The eye of Super Typhoon Maysak looms large in an image taken by European Space Agency astronaut Samantha Cristoforetti on board the International Space Station August 7, 2017.
Credit: ESA/NASA/Samantha Cristoforetti
A cyclone’s eye is a place of safety and a sign of danger. Inside the eye, winds are calm and no rain falls. Blue skies are usually visible overhead. But ending up inside a storm’s eye is bad news — the eye is ringed by the eye wall, where the storm’s most powerful winds swirl. And when an eye forms, it’s a sign that a cyclone has grown more organized, and more powerful. It’s a key step on the road to becoming a fully-fledged hurricane..
So, meteorologists watch cyclonic eyes carefully. Those strange, still spots convey invaluable information about what destruction a storm will wreak. And yet, despite researchers’ intense focus on the phenomena, cyclone eyes are barely understood. A paper published in 2006 found hundreds of explanations for cyclone eye formation, many of them explicitly contradicting one another.
But a new paper by a physicist, an applied mathematician and an engineer, published today (Jan. 12) in the journal Physical Review Fluids, may help narrow the field.
The problem with modeling and figuring out the eye, the author wrote, is that the interior structures of hurricanes (and other cyclones) are governed by a number of competing forces and phenomena — things like turbulence and several differently behaving layers — that are each either highly complex or poorly understood. And when several complex systems interact, particularly those that have yet to divulge any information, the results are that much more complex. [50 Amazing Tornado Facts]
This is a basic problem of fluid mehanics, as well as meteorology, the researchers wrote.
“Despite [eyes’] common appearance … it is not even clear that the same basic mechanisms are responsible in different classes of atmospheric vortices,” the scientists wrote. “In the absence of such a fundamental understanding, one cannot reliably predict when eyes should, or should not, form.”
The researchers built what they termed the most complex model of an atmospheric cyclone yet developed, expanding on an earlier model they had developed and described in a paper published in the Journal of Fluid Mechanics in January 2017.
“One must be cautious in such attempts,” to model a cyclonic eye, they wrote in the 2018 paper, “and it is important to stress that certain essential characteristics of atmospheric vortices have been dropped in the present model. These include vertical stratification [those layers mentioned earlier], spatially varying and anisotropic eddy viscosity [weird internal forces governing how the air might bump and jiggle], as well as latent heat release due to water vapour condensation.”
Still, they wrote, their model is a reasonable, simplified analog for the kinds of tropical storms that emerge in real-world conditions.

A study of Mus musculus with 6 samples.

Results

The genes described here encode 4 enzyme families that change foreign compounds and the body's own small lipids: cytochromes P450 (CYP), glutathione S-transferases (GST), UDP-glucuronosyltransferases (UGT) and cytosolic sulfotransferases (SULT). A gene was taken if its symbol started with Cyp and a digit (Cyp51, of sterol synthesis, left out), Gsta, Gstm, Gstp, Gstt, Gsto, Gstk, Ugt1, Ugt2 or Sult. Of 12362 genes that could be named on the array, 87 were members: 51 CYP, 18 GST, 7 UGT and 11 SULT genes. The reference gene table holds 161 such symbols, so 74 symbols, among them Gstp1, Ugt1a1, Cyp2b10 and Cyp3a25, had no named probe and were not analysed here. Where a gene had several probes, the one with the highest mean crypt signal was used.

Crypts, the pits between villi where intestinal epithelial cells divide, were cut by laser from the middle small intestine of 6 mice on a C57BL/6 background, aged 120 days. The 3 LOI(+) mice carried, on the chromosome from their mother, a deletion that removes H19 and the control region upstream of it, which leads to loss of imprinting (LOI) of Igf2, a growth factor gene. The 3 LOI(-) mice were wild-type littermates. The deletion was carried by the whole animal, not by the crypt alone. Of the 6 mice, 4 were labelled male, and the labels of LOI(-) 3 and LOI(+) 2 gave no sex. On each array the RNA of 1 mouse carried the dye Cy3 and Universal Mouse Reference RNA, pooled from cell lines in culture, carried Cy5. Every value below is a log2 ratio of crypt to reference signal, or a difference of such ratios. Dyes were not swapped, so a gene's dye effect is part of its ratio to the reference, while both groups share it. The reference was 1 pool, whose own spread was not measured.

For an eye to form in their model, the researchers found, the cyclone has to fit four boundary conditions. Knowing these isn’t super important to getting the basic point of this paper, so feel free to scroll past the list. But here it is for the curious:
The Ekman number — a measure of the local atmospheric viscosity compared to the Coriolis force caused by the planet’s spinning — can’t be too high. In other words, the system can’t be too dominated by friction between air currents, as opposed to the force of Earth slipping past underfoot.
The Reynolds number — which measures the ratio of inertial (motion) forces to atmospheric viscosity — can’t be too low. That’s a complicated way of saying that the storm’s motion has to be at least a fairly important driving factor in the system compared with its winds stickiness to one another.
The Rossby number can’t be too large …
… or too small. The Rossby number measures the relationship between the motion forces of the system and the Coriolis forces. So, for a cyclone’s eye to form, those both have to be at least somewhat significant.
The important point here is that, at least in this simplified model, a cyclone’s eye forms when the storm’s internal friction, its speed and the force of the spinning Earth acting on the storm all strike a delicate balance.
It’s important to note, the researchers said, that these results don’t fully answer the question of why eyes form in hurricanes — too many factors are left out, and it’s entirely possible their model doesn’t model hurricanes as well as they expect. (Their model also definitely doesn’t cover other forms of atmospheric cyclones, like tornadoes.)
What this research does do, they write, is point the way forward in answering some basic questions about hurricanes. Namely: Why do they form the way they do, and how can meteorologists better predict the storms’ behavior?
Originally published on Live Science.